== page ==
Former state Sen. Lou Cusanovich, who for 23 years quietly represented the west San Fernando Valley in the Assembly and Senate, died Tuesday in a Westlake Village hospital. He was 72.
A conservative Republican who sided with landowners and developers in fighting measures to regulate development in the Santa Monica Mountains, Cusanovich retired from the Legislature in 1980.
His retirement sparked a bitter battle among Republicans for his 19th Senate District seat, eventually won by state Sen. Ed Davis, (R-Valencia).
Death was attributed to heart failure brought on by a respiratory ailment, said his wife, Elleen.
A one-time boys' home administrator and Van Nuys lumber company owner, Cusanovich was elected to the Assembly in 1957 and to the Senate in 1966.
He consistently maintained a low profile in his district, taking few controversial stands.
"You can't become too partisan up here," Cusanovich once said, "and there is no reason not to compromise."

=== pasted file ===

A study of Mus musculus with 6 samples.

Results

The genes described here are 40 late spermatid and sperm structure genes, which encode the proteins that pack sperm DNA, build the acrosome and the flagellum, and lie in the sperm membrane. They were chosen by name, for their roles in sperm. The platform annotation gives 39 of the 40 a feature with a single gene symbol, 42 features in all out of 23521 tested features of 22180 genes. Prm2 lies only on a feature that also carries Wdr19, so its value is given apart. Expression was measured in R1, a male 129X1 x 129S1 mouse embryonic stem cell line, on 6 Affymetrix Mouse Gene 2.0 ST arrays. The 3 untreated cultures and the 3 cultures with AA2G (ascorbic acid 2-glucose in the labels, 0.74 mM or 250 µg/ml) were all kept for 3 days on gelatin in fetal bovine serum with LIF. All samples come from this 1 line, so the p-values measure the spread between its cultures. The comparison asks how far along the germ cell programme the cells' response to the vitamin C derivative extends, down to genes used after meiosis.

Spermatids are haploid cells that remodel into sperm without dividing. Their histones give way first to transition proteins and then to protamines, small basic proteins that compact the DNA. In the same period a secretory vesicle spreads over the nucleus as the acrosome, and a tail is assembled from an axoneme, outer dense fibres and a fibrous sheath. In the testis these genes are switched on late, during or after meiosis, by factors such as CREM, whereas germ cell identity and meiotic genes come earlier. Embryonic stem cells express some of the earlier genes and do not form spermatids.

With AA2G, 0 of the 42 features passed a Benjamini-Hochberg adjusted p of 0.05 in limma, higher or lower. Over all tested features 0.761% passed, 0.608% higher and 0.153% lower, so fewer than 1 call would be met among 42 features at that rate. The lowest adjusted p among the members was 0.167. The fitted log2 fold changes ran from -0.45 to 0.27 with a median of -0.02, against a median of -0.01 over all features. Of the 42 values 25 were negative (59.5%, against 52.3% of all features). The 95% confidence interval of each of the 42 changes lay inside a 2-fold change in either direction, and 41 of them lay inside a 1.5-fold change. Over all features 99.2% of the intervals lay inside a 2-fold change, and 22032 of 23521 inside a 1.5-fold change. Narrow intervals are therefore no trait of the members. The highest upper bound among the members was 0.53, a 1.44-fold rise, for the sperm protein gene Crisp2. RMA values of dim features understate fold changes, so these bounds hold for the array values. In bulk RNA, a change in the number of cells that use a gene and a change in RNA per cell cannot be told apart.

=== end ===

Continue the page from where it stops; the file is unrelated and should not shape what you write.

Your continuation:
In his last election, in 1976, Cusanovich was dubbed "Landslide Lou" after he narrowly defeated a relatively unknown Democratic challenger, Sabrina Schiller, by less than a percentage point.
After deciding not to seek reelection, Cusanovich rankled some Valley Republicans by supporting Davis over Assemblyman Robert Cline, a Northridge Republican with whom he had squabbled in the past.
Cusanovich was well liked by many lawmakers, Davis learned after his own election.
"I never heard anyone up here say an unkind word about Lou," Davis said. "His problem was that he wasn't a political stumper. Toward the end of his career, he probably didn't go to all the Chamber of Commerce installations that he should have."
Cusanovich was appointed in early 1981 to the state Horse Racing Board by then-Gov. Edmund Brown Jr. and served until early 1984.
His widow said he had requested cremation, with his ashes to be scattered at sea.
"There will not be a funeral service. Lou was a very down-to-earth, plain person. He didn't want any hoopla," she said.
Besides his wife, Cusanovich is survived by two sons, Michael, a University of Arizona biochemistry professor, and Gerald, a Los Angeles County probation officer who lives in Agoura, and five grandchildren.